A good friend of mine who runs a web development blog recently sent me a great link to a post that describes the technical solution for notifying Google of website maintenance, which is important because if the Googlebot crawls through a link to a page on your website and gets a 404 error, it could seriously impact your search engine ranking.

The Most Common Scenarios for Broken Links

  • Website maintenance
  • Moving or renaming a web page
  • Typo in the anchor tag
  • Programming error

This is for those hosting on an Apache server not Windows.

There’s not a lot you can do if a website owner has a typo in their link to your website, other than notify them or update your .htaccess file with a Permanent Redirect (if the quality of inbound link warrants it).

However, if you are doing web maintenance, if you have a programming error, or if you have moved a page on the website, you can do something about it.

Companies without a lot of knowledge in SEO may rebuild a website with new/replacement pages without updating the .htaccess file to notify Google. The result: Traffic from Google stops completely (since all the cached URLs in the search results become broken). For moving a web page, simply put the line of code below into the .htaccess file on the root of your website. You’ll want to make sure the new URL and old URL are up before you post the code. After posting, remove the old page and use Google Webmaster Tools Keyword Removal Tool.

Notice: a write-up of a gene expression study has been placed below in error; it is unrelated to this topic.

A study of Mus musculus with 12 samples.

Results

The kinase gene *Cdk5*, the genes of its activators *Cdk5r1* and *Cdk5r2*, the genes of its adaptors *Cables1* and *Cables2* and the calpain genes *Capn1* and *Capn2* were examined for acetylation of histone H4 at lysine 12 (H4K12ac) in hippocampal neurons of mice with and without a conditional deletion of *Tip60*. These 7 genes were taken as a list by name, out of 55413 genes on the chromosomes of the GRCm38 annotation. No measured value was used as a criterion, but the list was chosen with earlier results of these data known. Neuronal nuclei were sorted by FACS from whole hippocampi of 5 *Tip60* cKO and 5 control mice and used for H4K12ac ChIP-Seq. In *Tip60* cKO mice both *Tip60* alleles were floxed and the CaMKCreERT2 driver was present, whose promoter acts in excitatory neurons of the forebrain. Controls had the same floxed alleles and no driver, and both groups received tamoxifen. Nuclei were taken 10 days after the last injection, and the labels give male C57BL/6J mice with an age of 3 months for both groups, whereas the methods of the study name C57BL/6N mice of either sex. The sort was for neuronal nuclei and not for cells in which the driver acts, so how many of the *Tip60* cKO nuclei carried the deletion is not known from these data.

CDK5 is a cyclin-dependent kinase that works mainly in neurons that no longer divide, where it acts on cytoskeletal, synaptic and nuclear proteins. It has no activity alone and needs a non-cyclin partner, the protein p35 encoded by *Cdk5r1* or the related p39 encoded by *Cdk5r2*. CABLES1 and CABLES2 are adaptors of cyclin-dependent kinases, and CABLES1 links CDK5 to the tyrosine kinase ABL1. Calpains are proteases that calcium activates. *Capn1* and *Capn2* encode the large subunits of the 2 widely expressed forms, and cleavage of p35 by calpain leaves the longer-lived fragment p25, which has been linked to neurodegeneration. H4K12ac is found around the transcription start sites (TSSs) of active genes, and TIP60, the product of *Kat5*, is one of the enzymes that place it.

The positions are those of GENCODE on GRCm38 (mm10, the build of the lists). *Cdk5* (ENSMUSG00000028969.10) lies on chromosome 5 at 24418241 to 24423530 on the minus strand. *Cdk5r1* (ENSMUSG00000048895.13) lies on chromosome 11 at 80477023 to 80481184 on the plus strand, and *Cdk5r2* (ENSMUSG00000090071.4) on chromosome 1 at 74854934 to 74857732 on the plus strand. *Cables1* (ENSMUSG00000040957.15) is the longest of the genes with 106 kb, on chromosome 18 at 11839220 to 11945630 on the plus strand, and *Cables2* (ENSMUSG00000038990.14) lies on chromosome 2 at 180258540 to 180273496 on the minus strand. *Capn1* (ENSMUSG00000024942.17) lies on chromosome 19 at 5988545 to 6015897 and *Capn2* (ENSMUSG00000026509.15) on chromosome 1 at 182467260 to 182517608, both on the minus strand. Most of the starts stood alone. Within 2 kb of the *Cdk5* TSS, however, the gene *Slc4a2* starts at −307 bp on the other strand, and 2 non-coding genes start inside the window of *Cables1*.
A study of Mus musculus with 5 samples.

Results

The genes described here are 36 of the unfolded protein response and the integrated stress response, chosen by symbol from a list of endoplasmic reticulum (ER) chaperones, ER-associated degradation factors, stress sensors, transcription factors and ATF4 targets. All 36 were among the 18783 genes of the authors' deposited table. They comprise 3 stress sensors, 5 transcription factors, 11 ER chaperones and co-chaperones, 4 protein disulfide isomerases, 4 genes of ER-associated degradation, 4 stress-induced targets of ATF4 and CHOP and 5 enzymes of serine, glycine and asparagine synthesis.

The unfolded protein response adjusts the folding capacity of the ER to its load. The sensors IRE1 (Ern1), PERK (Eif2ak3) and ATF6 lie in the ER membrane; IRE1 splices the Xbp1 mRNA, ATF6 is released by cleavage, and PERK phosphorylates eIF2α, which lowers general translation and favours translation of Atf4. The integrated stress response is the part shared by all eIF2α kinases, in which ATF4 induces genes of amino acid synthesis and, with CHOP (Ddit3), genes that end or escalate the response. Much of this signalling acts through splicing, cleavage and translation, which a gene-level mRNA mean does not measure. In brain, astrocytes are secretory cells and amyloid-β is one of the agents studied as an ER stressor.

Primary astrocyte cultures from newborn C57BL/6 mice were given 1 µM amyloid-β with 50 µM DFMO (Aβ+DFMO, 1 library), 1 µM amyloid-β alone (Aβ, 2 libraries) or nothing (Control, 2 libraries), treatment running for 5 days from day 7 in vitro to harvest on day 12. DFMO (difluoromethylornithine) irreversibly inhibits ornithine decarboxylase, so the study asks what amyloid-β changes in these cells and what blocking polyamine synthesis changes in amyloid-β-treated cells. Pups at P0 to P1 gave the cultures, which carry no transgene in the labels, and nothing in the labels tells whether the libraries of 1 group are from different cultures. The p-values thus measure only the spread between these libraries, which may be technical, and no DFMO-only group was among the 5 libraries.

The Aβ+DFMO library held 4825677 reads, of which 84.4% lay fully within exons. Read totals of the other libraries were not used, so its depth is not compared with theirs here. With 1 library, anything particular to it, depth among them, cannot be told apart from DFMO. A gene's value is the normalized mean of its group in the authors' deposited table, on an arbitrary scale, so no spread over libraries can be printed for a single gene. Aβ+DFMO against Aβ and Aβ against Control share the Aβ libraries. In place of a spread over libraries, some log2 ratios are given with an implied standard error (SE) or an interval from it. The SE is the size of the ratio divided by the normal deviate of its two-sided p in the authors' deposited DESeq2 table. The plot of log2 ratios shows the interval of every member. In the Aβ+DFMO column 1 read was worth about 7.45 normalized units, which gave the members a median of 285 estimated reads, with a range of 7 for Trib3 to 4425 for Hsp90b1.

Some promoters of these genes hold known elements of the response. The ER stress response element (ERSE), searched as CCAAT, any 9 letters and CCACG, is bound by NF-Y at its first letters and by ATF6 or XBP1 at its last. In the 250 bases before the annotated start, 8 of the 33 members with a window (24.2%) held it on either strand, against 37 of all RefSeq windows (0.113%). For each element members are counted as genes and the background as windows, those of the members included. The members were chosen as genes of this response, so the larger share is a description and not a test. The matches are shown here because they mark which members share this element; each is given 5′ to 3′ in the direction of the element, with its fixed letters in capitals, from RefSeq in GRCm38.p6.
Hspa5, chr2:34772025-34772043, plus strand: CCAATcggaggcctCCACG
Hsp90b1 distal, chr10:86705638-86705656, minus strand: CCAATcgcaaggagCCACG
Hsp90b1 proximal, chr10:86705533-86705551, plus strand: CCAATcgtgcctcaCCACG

RedirectPermanent /page.html http://www.yoursite.com/new_page.html

If you are going to be doing web maintenance and don’t want Google to see a 404 error, here’s what you do:

The Retry-After response-header field can be used with a 503 (Service Unavailable) response to indicate how long the service is expected to be unavailable to the requesting client. This field MAY also be used with any 3xx (Redirection) response to indicate the minimum time the user-agent is asked wait before issuing the redirected request. The value of this field can be either an HTTP-date or an integer number of seconds (in decimal) after the time of the response.

Retry-After = "Retry-After" ":" ( HTTP-date | delta-seconds )

Two examples of using Retry-After:

Retry-After: Fri, 31 Dec 1999 23:59:59 GMT
Retry-After: 120

Read more about preventing 404 errors via AskApache.com.